The BlackBerry backend controls all message flow. That’s a blessing and curse. Here’s a look inside the RIM BlackBerry outage …
Research in Motion has just had another BlackBerry outage. And, to make matters worse for the firm, it happened on Apple iPhone 5 day. Why are these issues unique to the embattled Research in Motion and their once beloved BlackBerry product? Let’s take a look at how the BlackBerry sausage is made.
Every smartphone other than the BlackBerry makes a direct connection to the users email provider. What this means is that an iPhone or Android phone has a mail client on the device which is configured to talk with the users Gmail/Hotmail account, corporate Exchange server or mail POP host. This gives your phone an uninterrupted connection to your inbox, mail comes into mailbox and it shows up on your phone. The image below outlines how data flow works.
The benefit to this system is that the points of failure are limited. If your phone has a connection to the internet you have access to email.
The BlackBerry solution is more complicated. RIM’s backend works as a middleman. This system was designed back in the 1990’s when data speeds and bandwidth were much more limited. Messages sent to and from the BlackBerry handheld all flow through RIM’s Network Operation Centers and the messages are compressed to conserve wireless bandwidth. The BlackBerry data flow is represented the in the image below.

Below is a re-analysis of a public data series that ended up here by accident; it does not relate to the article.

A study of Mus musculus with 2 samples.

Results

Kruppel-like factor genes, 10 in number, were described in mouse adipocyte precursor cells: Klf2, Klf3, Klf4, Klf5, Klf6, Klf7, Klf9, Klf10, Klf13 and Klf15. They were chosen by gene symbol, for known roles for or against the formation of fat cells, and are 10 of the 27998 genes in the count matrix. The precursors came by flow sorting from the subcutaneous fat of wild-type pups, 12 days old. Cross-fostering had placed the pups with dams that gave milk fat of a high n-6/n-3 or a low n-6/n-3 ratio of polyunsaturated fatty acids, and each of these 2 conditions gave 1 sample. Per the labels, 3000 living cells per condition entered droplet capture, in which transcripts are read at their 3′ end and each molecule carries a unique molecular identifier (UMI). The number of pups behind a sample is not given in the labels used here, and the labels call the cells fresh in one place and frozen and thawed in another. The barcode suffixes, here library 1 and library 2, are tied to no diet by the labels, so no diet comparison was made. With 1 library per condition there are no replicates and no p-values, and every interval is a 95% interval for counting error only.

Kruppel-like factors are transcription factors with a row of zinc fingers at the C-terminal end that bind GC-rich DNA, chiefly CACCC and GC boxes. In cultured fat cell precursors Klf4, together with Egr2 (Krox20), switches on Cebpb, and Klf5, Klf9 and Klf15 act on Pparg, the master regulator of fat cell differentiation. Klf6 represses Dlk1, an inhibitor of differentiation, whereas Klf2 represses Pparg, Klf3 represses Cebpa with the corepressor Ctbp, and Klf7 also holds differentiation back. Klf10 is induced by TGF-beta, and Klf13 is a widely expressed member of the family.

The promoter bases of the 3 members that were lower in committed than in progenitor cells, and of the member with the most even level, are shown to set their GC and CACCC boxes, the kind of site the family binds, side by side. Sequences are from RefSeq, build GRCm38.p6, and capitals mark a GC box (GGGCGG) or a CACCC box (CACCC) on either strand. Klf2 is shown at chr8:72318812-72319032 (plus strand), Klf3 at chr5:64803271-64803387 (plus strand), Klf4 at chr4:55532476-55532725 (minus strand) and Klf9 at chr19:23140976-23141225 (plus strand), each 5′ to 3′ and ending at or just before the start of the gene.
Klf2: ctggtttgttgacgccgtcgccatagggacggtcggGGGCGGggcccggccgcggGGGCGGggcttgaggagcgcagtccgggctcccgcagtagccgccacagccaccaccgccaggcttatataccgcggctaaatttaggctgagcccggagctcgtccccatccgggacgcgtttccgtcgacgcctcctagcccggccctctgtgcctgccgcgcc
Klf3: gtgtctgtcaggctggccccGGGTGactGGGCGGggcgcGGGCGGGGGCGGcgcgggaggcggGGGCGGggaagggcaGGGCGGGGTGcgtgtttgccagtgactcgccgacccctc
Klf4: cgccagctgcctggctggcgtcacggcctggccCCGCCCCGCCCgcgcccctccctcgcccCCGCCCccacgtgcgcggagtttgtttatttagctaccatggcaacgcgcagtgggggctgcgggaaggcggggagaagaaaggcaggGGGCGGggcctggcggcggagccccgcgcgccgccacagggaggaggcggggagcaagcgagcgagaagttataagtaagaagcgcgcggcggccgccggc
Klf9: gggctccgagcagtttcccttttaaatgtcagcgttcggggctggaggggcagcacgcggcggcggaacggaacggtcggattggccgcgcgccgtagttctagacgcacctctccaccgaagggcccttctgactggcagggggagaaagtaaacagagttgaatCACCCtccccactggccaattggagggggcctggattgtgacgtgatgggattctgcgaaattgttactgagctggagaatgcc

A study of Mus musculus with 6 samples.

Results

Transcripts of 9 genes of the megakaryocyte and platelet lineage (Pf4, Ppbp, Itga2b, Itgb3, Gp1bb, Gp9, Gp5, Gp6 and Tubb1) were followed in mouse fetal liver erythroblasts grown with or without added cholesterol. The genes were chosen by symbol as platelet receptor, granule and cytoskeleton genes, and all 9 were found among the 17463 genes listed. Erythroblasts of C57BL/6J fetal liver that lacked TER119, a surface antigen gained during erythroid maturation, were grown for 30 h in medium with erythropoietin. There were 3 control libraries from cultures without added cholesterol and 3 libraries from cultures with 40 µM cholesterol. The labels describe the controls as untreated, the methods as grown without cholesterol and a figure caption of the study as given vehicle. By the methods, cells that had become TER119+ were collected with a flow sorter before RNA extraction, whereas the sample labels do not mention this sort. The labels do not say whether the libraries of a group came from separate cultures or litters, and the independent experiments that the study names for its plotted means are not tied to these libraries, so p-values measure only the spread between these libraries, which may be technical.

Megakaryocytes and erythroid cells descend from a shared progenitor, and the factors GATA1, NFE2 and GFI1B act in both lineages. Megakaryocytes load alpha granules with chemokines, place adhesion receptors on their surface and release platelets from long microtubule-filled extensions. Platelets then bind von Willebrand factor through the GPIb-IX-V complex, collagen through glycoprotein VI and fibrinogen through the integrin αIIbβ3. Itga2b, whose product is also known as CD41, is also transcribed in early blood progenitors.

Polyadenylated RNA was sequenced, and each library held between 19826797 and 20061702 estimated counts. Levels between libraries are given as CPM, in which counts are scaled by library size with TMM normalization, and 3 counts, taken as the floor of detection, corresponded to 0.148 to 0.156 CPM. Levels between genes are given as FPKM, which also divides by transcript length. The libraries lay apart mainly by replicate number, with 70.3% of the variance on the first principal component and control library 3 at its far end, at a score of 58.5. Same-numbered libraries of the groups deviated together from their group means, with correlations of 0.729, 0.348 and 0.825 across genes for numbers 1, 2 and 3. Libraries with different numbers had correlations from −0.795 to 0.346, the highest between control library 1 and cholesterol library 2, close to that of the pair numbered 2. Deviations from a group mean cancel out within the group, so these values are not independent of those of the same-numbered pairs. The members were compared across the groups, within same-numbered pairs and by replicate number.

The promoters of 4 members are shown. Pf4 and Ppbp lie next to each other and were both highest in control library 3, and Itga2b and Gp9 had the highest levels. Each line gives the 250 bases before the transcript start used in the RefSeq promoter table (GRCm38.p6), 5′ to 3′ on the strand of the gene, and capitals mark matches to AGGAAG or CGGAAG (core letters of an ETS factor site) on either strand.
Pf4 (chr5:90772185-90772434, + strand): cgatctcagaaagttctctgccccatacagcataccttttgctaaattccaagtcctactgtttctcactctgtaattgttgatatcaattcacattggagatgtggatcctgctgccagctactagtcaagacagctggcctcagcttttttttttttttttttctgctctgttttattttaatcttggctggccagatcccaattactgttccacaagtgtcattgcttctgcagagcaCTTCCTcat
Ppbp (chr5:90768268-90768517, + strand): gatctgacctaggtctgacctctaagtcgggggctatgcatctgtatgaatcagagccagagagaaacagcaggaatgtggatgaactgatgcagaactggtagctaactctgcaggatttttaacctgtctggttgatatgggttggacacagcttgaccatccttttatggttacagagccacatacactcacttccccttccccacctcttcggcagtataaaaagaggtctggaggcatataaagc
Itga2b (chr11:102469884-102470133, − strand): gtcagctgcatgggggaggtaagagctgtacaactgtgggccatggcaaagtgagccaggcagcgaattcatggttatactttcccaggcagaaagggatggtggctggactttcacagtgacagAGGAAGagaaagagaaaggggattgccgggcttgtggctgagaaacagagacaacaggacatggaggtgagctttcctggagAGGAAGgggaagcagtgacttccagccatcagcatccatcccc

The problem with this method of message deliver is that the entire BlackBerry world can be brought to its knees if a failure happens in the RIM backend. The good people at Research in Motion will tell you that there are redundancies in place to prevent a complete outage, but they can and have happened.
Although a surface glance would appear to show a system badly in need up change, there are significant advantages to this method of mail delivery. The upside is the message compression and decompression.
It is widely accepted that wireless carriers’ roaming rates are ridiculous and beyond acceptable. Here in Canada, my carrier charges me “only” 3¢ per kb when roaming internationally. Given that I know how to multiply 3 cents by 1,000 I’m being robbed for $30/mb.
The BlackBerry system compresses at ration of approx 3:1, so a 3mb email on an iPhone while roaming would be charged at $90.00 v $30.00 on a BlackBerry. Besides all the security surrounding the BlackBerry system, this is the main reason the corporate world still love the BlackBerry.
So as you see the Catch-22 here, one of the greatest features is also its greatest nemesis. The single point of failure also manages the amount of data a BlackBerry users consumes. BlackBerry users the world over love that the BlackBerry is a friendly roaming tool. These same users scream pretty loud when RIM has a network failure and they are instantly disconnected with the world.